1. Jan 20, 2017 #1
    I build my own computers. I've built and serviced many for others.

    There are some things I think are useful.

    - Always research. Don't automatically do something that someone says. Always research it thoroughly. There are almost always others who have had the same questions and often there are a number of different answers based on different experiences. I find tomshardware, geekstogo and linuxquestions helpful.

    - The recommendation is to use a wriststrap to earth static instead of frying components. I never do. I always keep touching metal and have never had a static discharge issue.

    - Collect computers. A good way to always have parts.

    Most important: take say 5 used computers and sit down at a table outside.

    Using a philips head, a flathead and a hammer dismantle them one by one. Harddrives are tough but using a flathead as a chisel its possible to split them at the seams. Study all parts. (put all screws, nuts and small bits in a bowl and pile up cables. Throw all other parts on the ground.) When you are done all fear associated with building computers will be gone.

    - Be prepared to install the OS a number of times to get it just right. Particularly when switching distros. My own computers take a few weeks from start to finish. My current one took over a month as I built the 'case' for it.

    - Have a working computer with internet connection available while building.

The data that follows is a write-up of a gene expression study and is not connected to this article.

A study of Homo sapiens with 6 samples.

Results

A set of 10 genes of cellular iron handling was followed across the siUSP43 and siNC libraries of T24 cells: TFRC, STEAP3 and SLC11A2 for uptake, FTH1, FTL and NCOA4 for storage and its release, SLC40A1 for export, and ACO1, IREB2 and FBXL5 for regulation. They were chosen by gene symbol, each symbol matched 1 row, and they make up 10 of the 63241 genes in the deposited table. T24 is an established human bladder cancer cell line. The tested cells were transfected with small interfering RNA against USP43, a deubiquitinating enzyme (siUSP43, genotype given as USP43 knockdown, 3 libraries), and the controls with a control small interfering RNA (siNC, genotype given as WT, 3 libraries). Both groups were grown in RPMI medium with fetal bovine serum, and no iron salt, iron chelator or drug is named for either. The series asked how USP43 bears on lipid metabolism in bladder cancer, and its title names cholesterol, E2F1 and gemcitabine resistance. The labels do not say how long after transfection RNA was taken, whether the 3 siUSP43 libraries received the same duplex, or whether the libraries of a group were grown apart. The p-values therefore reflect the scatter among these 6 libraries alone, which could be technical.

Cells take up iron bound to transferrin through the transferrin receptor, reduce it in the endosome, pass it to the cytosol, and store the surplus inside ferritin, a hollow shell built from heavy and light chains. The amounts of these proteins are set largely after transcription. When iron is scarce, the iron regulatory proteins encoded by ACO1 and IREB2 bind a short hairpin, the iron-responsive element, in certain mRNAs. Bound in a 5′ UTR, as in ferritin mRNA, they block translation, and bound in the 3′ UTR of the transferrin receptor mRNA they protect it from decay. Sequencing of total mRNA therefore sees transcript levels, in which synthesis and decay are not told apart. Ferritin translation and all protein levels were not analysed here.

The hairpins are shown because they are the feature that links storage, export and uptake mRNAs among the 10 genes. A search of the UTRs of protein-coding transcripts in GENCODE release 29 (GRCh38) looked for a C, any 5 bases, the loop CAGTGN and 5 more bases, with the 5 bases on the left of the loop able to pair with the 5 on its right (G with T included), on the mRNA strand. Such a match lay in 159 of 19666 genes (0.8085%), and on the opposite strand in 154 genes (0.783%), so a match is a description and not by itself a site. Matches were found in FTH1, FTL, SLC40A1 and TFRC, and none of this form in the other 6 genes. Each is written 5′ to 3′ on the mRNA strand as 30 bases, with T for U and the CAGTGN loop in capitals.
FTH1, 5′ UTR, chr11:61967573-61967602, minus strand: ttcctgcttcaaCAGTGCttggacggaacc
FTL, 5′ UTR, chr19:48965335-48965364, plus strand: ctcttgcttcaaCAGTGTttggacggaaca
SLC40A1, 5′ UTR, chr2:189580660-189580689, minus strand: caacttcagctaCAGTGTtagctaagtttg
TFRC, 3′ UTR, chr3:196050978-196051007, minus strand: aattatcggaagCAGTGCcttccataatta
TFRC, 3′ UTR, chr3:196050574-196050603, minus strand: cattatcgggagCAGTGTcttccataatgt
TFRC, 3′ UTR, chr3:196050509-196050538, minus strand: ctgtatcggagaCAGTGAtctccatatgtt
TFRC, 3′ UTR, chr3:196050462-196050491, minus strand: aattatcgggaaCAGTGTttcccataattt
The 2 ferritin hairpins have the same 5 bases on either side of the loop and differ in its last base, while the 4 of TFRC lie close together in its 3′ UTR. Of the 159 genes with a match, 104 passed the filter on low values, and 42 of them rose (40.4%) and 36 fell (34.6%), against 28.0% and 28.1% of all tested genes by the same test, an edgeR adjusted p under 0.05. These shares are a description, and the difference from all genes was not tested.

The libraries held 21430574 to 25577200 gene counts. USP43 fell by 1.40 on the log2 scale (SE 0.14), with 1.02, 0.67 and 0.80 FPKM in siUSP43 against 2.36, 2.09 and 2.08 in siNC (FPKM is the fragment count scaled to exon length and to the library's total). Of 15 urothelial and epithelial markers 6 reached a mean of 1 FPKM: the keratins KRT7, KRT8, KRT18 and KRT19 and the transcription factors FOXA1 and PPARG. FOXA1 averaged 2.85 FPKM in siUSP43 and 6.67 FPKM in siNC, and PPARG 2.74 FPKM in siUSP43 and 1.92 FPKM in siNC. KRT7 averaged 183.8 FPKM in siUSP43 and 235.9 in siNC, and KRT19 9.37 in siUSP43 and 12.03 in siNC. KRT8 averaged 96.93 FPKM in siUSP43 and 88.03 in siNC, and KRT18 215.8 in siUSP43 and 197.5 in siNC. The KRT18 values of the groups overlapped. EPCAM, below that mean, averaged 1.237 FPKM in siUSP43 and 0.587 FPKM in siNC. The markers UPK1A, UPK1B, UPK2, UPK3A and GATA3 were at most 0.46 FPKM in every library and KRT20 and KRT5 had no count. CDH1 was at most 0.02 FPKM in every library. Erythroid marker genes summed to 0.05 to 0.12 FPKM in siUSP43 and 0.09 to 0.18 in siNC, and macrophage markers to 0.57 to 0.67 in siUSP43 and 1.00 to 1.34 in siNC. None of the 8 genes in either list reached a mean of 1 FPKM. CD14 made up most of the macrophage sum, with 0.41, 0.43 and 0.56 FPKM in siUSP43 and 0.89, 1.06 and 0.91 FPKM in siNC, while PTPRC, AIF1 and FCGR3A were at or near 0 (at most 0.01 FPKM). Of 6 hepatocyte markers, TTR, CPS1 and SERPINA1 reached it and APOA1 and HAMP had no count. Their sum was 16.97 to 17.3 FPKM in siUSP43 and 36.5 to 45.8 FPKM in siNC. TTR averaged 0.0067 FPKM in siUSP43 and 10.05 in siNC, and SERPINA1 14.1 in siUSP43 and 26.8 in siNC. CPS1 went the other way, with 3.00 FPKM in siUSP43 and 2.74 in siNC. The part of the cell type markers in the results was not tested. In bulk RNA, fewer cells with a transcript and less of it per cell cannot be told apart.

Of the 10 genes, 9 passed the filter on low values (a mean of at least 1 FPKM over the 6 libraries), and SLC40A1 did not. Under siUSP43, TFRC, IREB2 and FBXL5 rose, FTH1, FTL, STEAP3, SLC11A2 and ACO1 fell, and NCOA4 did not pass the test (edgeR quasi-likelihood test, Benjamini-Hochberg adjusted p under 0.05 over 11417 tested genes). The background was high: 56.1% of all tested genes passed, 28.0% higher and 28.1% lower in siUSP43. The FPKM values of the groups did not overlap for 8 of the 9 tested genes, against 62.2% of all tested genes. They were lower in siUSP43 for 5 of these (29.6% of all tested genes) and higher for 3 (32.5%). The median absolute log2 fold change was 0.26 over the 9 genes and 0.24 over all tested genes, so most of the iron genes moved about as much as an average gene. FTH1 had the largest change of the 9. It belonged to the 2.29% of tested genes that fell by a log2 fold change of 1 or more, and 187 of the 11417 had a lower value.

2. jcsd
  3. Jan 20, 2017 #2
    Some tools that are useful.

    Long shaft flathead and phillips head screwdrivers with magnetic tip

    Small adjustable spanner

    Slim bent long nose pliers

    Slim torch

    Magnifying glass, loupe to read tiny labels - seldom use

    Mirror on a stick, brush, continuity checker - these are more for servicing existing systems


    Habits: have a container to put/keep small screws in, read instructions (not as last resort), pick up/ hold circuit boards/gpu's etc on edges or mounting plates - don't touch connectors, circuits, never force anything - everything goes into something made for it, often only just. if it doesn't fit it's not meant to., don't rush, keep touching the case bare metal,
  4. Jan 30, 2017 #3



    Rarely necessary if you have the correct tools.

    Also use the correct tools and you don't need the hammer and chisel.

    That is littering. Don't do that.

    Good advice. I have had no working internet with computer problems before. Very difficult!